Iraqi scam swindles suppliers

A sophisticated scam has left some Middle East IT channel players licking financial wounds. Pretending to be an agency representing the Iraqi government, fraudsters employed a middleman to approach IT companies in the Middle East claiming that they were appointing suppliers for massive public sector PC contracts.


A sophisticated scam has left some Middle East IT channel players licking financial wounds. Pretending to be an agency representing the Iraqi government, fraudsters employed a middleman to approach IT companies in the Middle East claiming that they were appointing suppliers for massive public sector PC contracts.

They then requested money from potential suppliers to secure the deal and promptly vanished into thin air once the funds had been transferred.

Several companies have fallen victim to the scam. The Iraqi agency, pretending that it had been authorised by the Iraqi government to find suitable suppliers, used a middleman based in Jordan to make contact with the unsuspecting victims: IT companies selling or assembling PCs in the Middle East. The Iraqi agency claimed that it had been appointed by the government to assess and select suppliers for the contracts in question.

The agency claimed that the Iraqi Ministry of Education was inviting bids for three large PC tenders of 250,000, 200,000 and 150,000 units respectively — 600,000 PCs in total. Each tender had slightly different specification requirements with one specifying machines with Celeron CPUs, one with AMD CPUs and one requiring Pentium 4 CPUs according to one company that was approached by the middleman.

Using official-looking documents and approaching a number of potential suppliers, the deals quickly became the talk of the channel. And with chatter about the lucrative Iraqi public sector PC tenders emanating from many different sources in the Middle East IT channel, questioning whether or not the contracts were genuine did not cross everybody’s mind.

The agency also involved ex-Iraqi government ministers and attempted to pass them off as current ministers to give the deception an even greater air of authority according to one Dubai-based channel player. Potential suppliers were invited to Jordan to talk to the middleman and meet representatives from the Iraqi agency leading the scam. Once a level of interest had been established, the group then set about stinging potential suppliers and leaving them out of pocket.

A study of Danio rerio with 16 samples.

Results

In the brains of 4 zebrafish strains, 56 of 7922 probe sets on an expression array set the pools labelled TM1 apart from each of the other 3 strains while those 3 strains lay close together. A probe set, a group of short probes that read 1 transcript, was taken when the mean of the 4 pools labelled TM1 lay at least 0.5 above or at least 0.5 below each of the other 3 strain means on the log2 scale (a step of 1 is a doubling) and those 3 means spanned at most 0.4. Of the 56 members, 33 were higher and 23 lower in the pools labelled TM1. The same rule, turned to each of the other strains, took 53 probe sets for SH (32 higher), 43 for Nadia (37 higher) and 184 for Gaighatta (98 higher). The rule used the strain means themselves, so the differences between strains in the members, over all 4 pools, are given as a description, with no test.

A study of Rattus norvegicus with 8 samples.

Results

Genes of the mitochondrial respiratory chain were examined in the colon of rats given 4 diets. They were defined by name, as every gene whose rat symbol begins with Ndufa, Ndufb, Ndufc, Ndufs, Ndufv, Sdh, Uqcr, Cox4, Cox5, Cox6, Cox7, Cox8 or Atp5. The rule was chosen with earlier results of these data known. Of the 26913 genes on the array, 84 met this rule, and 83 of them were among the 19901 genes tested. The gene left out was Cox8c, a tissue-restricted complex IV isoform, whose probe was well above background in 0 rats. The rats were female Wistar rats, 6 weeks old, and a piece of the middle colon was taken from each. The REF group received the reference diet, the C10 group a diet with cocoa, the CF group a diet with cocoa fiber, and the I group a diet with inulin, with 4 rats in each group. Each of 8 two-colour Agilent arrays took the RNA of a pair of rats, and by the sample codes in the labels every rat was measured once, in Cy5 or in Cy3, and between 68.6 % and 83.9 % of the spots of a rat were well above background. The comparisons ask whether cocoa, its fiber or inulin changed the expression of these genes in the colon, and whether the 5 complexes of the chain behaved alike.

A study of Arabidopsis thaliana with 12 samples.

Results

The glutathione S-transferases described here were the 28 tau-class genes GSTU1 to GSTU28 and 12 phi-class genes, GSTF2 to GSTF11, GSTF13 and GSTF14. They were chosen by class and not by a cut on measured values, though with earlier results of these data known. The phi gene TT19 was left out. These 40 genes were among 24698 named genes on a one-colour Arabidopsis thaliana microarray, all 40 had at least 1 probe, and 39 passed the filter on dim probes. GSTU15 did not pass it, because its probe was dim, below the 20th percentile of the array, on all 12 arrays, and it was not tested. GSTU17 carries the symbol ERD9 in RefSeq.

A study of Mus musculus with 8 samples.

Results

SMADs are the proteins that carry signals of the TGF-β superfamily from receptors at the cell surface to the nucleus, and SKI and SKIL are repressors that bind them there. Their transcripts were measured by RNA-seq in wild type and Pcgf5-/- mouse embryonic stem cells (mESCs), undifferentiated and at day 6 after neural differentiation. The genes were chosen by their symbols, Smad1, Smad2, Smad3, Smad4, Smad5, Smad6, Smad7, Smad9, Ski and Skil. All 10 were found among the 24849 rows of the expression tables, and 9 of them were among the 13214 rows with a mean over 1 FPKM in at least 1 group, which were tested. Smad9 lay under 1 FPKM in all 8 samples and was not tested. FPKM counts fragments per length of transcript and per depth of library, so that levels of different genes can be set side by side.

They informed suppliers that their bid had been successful, but in order to confirm the deal with the Iraqi government, the agency had to deposit a significant sum of money to prove their commitment to the contract. The agency claimed that it did not have the funds required and asked its chosen suppliers to cough up the cash.

At this point in time, alarm bells started ringing and most players caught on, but unfortunately not all of them. Some potential suppliers, no doubt blinded by the revenue and margin potential of a 600,000-unit PC deal, handed over the money the fake agency had requested. One supplier is alleged to have even started shipping product into Iraq believing that it had won the contracts.

The agency then promptly disappeared off the face of the earth leaving the swindled suppliers with egg on their face and a hole in their bank account. Rather than the usual warning of caveat emptor (buyer beware) that is frequently trotted out, this is more a case of caveat mercator (seller beware).

The bizarre part of this particular scam is that the government tenders in question do probably exist in one form or another. However, the agency claiming to be working on the government’s behalf in fact had nothing to do with them. Channel insiders also claim that the middleman in Jordan believed he was dealing with a genuine organisation in Iraq and was not privy to the deception that was occurring.

Vendors, distributors and resellers need to check and double check the validity of the opportunities that present themselves and the people that they are dealing with. Several companies walked away from this scam when they did not get the guarantees, information or details they required.

This particular scam takes ‘monkey business’ to the next level and is a painful reminder of the pitfalls that can befall channel players without the experience and skills required to spot a con. If a deal looks too good to be true then it probably is, especially in emerging markets. Nowhere is this truer than in the nascent Iraqi IT market.